Yesterday evening all eyes were on the US Federal Reserve’s FOMC interest rate decision. Meeting for the first time under Chairman Jerome Powell, further highlighted the importance of an already important market event, as this could set the tone for the start of Powell’s reign. As fully expected and priced in, they raised the benchmark lending rate by 0.25% (Fed funds target range now 1.5% – 1.75%) and forecast a steeper path of hikes in 2019 and 2020, citing an improving economic outlook. Initially this could have been interpreted as setting a more hawkish policy path. However, Fed policy makers were less decisive on the path of interest rates this year. Seven officials projected at least four quarter-point hikes would be appropriate this year, while eight expected three or fewer increases to be warranted. This swung the tone of the meeting back towards the dovish side and as a result the dollar was sold off.
The softer dollar was further pushed lower with US President Trump demanding attention with news breaking that he is about to implement trade tariffs against China later today. As a result, markets generally are nervous with much of the European bourses opening in the red this morning after the US bellwethers, the S&P500 closing down 0.45% and the NASDAQ 0.47% lower.
Closer to home now and yesterday was potentially another significant one for the UK economy with the further release of key economic data that we flagged in yesterday’s commentary. Following on from Tuesday’s falling inflation rate of 2.7%, yesterday we also had wage data which showed an increase in earnings at 2.8%. Using this basic crude metric, this shows that real UK wages are finally growing. This was also released with further positive employment news, with the ILO Unemployment Rate falling further to 4.3%. Naturally this helped sterling along its current run. Versus the single currency, EURGBP continued to fall breaking the .8730/.8740 support line (GBPEUR 1.1454) but failing to test either the .8700 mark or the low of the range in place since September 2017.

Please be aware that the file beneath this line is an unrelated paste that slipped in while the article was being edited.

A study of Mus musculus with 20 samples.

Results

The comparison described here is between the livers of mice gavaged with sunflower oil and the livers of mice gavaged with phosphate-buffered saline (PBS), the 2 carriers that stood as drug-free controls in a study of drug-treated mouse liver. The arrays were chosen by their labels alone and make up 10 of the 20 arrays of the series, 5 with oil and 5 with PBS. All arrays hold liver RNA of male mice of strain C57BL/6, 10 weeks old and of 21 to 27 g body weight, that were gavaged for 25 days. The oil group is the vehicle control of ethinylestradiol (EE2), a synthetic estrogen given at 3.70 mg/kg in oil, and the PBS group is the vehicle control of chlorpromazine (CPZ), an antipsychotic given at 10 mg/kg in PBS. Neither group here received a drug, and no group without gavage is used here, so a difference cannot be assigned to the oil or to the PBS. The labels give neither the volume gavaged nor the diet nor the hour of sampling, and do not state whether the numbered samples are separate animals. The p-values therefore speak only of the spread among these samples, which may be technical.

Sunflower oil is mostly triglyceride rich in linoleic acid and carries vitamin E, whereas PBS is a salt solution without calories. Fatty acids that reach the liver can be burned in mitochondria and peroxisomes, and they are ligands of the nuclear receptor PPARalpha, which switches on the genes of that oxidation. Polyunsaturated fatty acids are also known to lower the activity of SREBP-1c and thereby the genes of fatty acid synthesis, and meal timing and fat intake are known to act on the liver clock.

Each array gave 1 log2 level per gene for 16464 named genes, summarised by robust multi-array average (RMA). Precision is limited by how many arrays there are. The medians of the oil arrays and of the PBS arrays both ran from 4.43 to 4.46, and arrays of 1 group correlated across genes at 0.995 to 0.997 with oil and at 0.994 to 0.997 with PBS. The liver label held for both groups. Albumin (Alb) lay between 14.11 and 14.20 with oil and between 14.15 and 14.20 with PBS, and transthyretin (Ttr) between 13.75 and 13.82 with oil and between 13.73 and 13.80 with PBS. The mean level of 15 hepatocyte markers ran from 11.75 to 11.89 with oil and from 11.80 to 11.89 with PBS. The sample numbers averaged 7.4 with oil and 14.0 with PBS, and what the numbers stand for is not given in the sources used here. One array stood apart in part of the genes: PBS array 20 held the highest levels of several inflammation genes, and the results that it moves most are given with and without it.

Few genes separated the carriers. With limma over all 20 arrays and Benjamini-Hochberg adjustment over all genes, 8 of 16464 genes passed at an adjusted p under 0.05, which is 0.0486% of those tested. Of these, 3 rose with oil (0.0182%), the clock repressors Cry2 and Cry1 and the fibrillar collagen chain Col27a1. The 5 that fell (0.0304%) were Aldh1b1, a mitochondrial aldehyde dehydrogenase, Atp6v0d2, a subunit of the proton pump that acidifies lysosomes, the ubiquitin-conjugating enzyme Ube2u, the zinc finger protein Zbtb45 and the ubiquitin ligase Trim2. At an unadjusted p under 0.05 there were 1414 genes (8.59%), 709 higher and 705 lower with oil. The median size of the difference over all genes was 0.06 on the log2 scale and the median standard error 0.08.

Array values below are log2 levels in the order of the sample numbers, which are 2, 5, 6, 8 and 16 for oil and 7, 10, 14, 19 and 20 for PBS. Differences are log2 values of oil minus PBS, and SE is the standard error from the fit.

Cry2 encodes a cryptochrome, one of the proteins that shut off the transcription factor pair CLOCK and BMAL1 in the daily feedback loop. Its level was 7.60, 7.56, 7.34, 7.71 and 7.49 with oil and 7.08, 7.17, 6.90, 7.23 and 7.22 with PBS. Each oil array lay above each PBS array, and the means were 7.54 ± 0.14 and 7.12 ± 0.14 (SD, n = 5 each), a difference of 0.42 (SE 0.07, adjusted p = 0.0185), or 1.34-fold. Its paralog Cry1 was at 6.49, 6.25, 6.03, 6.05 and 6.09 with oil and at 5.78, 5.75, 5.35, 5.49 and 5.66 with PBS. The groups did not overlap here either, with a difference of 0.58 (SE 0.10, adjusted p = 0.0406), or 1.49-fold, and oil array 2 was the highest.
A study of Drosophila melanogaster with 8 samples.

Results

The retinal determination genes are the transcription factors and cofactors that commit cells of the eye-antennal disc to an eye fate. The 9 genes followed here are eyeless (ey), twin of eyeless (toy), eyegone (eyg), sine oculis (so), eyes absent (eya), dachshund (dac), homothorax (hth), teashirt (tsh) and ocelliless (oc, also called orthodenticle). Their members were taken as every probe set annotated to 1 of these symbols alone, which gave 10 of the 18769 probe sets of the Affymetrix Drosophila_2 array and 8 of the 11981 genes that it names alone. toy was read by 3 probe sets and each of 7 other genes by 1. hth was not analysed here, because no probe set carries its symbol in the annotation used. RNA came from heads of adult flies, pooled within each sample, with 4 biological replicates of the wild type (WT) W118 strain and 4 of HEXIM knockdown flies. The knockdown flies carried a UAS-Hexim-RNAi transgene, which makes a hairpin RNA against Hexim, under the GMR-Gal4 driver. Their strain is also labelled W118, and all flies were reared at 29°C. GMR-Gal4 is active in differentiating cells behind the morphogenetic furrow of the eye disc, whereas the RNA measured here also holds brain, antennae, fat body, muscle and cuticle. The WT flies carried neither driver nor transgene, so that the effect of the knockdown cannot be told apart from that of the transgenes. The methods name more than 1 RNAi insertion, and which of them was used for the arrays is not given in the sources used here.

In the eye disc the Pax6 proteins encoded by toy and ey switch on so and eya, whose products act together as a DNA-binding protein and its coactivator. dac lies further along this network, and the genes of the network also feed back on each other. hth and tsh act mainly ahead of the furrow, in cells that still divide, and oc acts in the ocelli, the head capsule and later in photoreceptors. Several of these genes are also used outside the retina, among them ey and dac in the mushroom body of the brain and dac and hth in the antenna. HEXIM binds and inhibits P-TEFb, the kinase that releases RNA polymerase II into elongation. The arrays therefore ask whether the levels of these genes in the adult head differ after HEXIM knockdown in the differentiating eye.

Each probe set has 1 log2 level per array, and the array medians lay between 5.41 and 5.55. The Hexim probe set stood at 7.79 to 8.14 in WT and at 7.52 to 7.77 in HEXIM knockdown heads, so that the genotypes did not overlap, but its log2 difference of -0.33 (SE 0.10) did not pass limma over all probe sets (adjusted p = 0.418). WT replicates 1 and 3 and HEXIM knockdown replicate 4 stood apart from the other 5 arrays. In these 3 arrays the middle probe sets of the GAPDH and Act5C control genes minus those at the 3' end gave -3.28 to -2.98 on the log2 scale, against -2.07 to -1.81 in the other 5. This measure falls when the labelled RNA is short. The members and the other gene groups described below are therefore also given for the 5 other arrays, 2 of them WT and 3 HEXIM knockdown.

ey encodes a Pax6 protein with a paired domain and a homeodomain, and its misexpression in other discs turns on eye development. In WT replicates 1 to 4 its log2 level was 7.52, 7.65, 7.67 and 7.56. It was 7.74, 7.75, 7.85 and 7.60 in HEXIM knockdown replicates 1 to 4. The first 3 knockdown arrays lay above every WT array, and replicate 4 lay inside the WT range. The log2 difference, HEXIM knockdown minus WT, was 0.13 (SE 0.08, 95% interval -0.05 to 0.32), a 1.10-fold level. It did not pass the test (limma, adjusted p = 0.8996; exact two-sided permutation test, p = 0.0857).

Later today we also have the Bank of England monetary policy meeting but unlike last night’s Fed, it’s not expected to hike rates or make any changes to the size of its asset purchase program. However, as always investors will be looking for clues regarding the timing of its next hike. Back in February, BOE Governor Mark Carney startled markets by saying that monetary policy will need to be tightened “somewhat earlier” and “by a somewhat greater extent” than the roughly two-and-a-half hikes over three years that were already priced into the market. The hawkish remarks led to a quick re-pricing of the odds of a hike in May (now priced at a 70 percent probability) as well as causing investors to cement the three full hikes that were priced in until 2020.